Video: At Ars Live, Riana Pfefferkorn brings us up to speed on the Crypto Wars du jour.
“We have an ongoing dialogue with a lot of tech companies in a variety of different areas,” he recently told Politico Pro. “There [are] some areas where they are cooperative with us. But on this particular issue of encryption, the tech companies are moving in the opposite direction. They’re moving in favor of more and more warrant-proof encryption.”
While the battle against encryption has been going on within federal law enforcement circles (dubbed “going dark”) since at least the early 1990s, Rosenstein has now called for “responsible encryption.”
But as Riana Pfefferkorn, a legal fellow at the Stanford Center for Internet and Society, told a recent assembled crowd at Ars Technica Live, it’s not clear entirely how that responsibility should be laid out.
“I think what Rosenstein is getting at is that he believes that companies in their deployment of encryption should be responsible to law enforcement above all and public safety rather than being responsible to their users or the broader security ecosystem,” she said.
She indicated that it may be the case, in light of recent failures to prevent Russian meddling in the 2016 presidential election, that the Department of Justice may sense “blood in the water” as a way to aggressively push Congress to take action against companies like Apple and Google.
But, she noted, the Trump-era DOJ isn’t very much different, at least when it comes to crypto policy, as the Obama-era DOJ was.
“Overall, there has not necessarily been a shift in the way that law enforcement present their case to the public,” she said.
As Ars wrote about in 2015, the DOJ’s arguments against encryption haven’t changed much since the early 1990s, when the Clipper Chip was introduced.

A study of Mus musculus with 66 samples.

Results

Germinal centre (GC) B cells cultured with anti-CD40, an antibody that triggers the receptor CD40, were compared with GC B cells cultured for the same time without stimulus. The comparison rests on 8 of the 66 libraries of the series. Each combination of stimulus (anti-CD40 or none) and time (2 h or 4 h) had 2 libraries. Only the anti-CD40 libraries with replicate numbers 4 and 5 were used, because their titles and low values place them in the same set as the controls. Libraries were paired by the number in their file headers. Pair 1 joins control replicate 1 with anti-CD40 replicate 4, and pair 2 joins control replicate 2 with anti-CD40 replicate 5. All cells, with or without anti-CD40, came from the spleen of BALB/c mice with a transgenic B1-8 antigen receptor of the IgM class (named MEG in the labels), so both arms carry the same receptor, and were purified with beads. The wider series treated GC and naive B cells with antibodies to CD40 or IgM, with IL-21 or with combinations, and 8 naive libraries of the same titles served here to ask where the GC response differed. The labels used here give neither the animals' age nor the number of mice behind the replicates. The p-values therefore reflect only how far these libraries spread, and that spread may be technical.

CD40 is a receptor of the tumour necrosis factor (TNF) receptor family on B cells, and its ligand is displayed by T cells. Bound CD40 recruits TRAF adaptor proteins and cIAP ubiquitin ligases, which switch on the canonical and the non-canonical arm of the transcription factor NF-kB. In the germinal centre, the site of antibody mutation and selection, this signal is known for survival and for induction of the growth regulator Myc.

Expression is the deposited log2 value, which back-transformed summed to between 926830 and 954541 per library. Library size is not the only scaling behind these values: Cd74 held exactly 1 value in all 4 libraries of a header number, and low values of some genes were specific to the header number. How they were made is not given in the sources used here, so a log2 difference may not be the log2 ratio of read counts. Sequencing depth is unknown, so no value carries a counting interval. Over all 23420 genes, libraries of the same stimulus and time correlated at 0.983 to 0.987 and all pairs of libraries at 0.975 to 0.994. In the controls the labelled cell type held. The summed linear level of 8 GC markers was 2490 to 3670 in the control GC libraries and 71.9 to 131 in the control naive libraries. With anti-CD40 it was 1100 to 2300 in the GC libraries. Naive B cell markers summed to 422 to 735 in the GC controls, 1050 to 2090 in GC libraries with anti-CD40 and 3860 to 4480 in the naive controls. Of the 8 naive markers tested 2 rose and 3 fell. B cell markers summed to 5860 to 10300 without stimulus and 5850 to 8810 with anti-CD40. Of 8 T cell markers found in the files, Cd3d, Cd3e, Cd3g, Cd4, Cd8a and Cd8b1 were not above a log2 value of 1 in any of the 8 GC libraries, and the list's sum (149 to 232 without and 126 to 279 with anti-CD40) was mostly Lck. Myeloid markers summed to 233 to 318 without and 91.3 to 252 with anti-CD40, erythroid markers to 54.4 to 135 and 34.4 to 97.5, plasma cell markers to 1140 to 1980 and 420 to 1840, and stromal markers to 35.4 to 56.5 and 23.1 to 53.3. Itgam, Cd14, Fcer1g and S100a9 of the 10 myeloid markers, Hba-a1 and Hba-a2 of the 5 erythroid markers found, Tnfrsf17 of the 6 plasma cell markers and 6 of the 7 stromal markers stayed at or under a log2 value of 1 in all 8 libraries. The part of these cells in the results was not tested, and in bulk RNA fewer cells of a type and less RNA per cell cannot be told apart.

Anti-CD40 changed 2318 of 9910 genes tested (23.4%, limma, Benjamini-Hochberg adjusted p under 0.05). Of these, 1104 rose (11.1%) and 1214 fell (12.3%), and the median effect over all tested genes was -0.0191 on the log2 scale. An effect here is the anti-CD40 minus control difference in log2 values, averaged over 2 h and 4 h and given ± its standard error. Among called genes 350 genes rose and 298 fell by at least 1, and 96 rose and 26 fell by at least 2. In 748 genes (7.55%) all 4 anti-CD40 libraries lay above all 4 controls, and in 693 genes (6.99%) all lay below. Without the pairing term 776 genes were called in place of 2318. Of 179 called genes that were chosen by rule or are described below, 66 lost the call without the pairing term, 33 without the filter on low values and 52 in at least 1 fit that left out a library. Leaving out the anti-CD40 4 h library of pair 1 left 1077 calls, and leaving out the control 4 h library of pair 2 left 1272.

In July 2015, an all-star team of cryptographers and computers scientists reached largely the same conclusion that they did years earlier.
“The complexity of today’s Internet environment, with millions of apps and globally connected services, means that new law enforcement requirements are likely to introduce unanticipated, hard-to-detect security flaws,” they wrote in a research paper. “Beyond these and other technical vulnerabilities, the prospect of globally deployed exceptional access systems raises difficult problems about how such an environment would be governed and how to ensure that such systems would respect human rights and the rule of law.”
But as Pfefferkorn noted, it’s been a truism of law enforcement that each time it seeks a new authority, its labels that authority as merely a modernization of its existing powers and not something new.
However, the consensus of information security experts says that it is impossible to build the strongest encryption system possible that would also allow the government access under certain conditions.
In other words, modern, easy-to-use, on-by-default, strong encryption is a game changer.
So, if the government gets what it wants, then an infosec axiom will be realized.
“If strong crypto is outlawed, only outlaws will have strong crypto,” she said.
For more from Pfefferkorn, check out the full interview above in either video or audio form. And don’t forget to come to the next Ars Technica Live at Eli’s Mile High Club in Oakland, California, on February 21, 2018. You can also follow Ars Technica Live on Facebook.